Strugglin’ Souls – Manic Depression


2 Nappy Head N Saggy Jeans 03:27
3 Aint Phunky No’ Moe 04:23
4 Who Dat Mon 03:04
5 Hey Boy 00:47
6 Manic Depression 04:10
7 Grind 04:18
8 Rough Neck Anthem 05:14
9 Betta Dayz 03:53
10 Ghetto Than A Mutha Fucka 04:51
11 Can’t Find My Tribe 02:49
12 Whos The One U Love 02:53
13 I Got Tossed 04:44
14 Seen’ Cha Black 01:48


“Manic Depression” is the one and only studio album by Atlanta-based rap group Strugglin’ Souls. Released in 1992 under the labels Crazy Vibe Entertainment and Ichiban Records, the album showcases the group’s boom bap and conscious style, with a unique blend of social commentary and street-smart lyrics. Comprising 14 tracks, this project captures the essence of the early 90s hip-hop scene.

The album begins with “Phunky Behavior,” setting the stage with its infectious beats and clever wordplay. As the album unfolds, listeners are treated to tracks like “Nappy Head N Saggy Jeans” and “Ain’t Phunky No’ Moe,” which display the group’s distinctive style and powerful storytelling. With “Who Dat Mon” and “Hey Boy,” Strugglin’ Souls further demonstrate their ability to create memorable hooks and engaging verses.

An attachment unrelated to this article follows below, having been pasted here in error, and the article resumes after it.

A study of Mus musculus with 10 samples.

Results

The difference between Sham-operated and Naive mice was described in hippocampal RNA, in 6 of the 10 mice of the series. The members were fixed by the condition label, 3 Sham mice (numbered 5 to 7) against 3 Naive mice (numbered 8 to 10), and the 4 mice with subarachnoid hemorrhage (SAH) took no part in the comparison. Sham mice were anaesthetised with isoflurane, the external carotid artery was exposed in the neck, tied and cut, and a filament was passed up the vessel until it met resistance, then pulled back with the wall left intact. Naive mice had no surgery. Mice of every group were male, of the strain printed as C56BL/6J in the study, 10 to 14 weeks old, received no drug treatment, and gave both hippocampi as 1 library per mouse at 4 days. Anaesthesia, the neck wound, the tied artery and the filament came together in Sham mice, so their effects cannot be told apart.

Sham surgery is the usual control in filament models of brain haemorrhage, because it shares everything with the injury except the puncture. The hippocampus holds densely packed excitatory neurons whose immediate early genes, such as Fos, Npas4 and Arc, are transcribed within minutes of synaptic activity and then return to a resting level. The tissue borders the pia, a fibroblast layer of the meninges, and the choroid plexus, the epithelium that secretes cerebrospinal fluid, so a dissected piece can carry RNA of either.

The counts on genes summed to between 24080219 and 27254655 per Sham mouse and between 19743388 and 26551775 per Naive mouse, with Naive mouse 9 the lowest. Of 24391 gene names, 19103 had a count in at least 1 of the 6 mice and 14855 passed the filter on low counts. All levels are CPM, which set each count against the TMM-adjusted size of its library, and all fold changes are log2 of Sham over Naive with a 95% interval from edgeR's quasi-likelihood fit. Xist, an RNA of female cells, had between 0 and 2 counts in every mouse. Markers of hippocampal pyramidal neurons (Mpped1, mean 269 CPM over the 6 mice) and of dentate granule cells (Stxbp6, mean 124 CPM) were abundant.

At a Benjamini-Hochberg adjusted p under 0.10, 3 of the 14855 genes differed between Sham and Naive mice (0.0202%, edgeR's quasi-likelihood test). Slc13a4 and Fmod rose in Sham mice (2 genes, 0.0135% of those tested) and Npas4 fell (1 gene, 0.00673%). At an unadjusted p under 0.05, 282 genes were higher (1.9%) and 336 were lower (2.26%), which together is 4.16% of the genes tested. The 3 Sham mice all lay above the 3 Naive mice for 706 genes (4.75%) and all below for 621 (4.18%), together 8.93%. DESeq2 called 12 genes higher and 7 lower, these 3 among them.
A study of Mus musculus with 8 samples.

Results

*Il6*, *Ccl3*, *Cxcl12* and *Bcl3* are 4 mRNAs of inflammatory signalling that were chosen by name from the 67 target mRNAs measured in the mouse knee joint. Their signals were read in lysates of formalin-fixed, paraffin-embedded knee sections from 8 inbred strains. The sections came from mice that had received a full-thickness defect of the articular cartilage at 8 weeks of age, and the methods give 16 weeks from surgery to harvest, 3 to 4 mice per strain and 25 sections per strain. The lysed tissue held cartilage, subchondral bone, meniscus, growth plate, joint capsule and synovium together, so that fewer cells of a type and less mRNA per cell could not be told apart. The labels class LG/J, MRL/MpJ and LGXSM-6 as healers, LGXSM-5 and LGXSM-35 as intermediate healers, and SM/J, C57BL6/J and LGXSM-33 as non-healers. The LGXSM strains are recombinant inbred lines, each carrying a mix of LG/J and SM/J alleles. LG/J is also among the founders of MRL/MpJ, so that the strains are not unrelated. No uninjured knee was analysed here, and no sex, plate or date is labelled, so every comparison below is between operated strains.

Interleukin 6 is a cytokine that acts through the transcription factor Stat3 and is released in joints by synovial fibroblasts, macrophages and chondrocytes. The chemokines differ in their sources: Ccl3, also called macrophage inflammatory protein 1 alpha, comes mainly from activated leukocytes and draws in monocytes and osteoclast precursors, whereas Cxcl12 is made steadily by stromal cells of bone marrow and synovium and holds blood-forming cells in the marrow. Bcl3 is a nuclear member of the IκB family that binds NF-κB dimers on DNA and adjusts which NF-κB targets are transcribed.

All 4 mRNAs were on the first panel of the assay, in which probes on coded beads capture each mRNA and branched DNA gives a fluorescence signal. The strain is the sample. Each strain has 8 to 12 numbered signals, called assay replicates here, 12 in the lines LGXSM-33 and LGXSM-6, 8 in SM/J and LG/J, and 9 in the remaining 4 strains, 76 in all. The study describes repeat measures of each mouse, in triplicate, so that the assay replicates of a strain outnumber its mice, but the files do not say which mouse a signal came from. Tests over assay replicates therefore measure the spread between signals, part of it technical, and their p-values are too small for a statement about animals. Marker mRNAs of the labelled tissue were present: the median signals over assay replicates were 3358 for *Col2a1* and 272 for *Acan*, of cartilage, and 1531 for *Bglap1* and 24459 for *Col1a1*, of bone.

The title track, “Manic Depression,” delves into the emotional turmoil and challenges faced by many in the urban landscape. This introspective track is complemented by “Grind” and “Rough Neck Anthem,” which emphasize the group’s resilience and determination.

“Betta Dayz,” featuring saxophone by D.J. Tricky D and vocals by Layne Arnold, adds a jazzy touch to the album, while “Ghetto Than A Mutha Fucka” and “Can’t Find My Tribe” reflect the group’s grounded reality and pursuit of identity. “Who’s The One U Love” and “I Got Tossed” showcase Strugglin’ Souls’ ability to explore different themes, further enriching the listening experience. The album concludes with “Seen’ Cha Black,” a strong finish to an exceptional project.

“Manic Depression” is a prime example of the talent and potential of Strugglin’ Souls. The album’s unique fusion of boom bap and conscious rap, combined with the group’s undeniable skill and creativity, make it a noteworthy addition to the early 90s hip-hop landscape.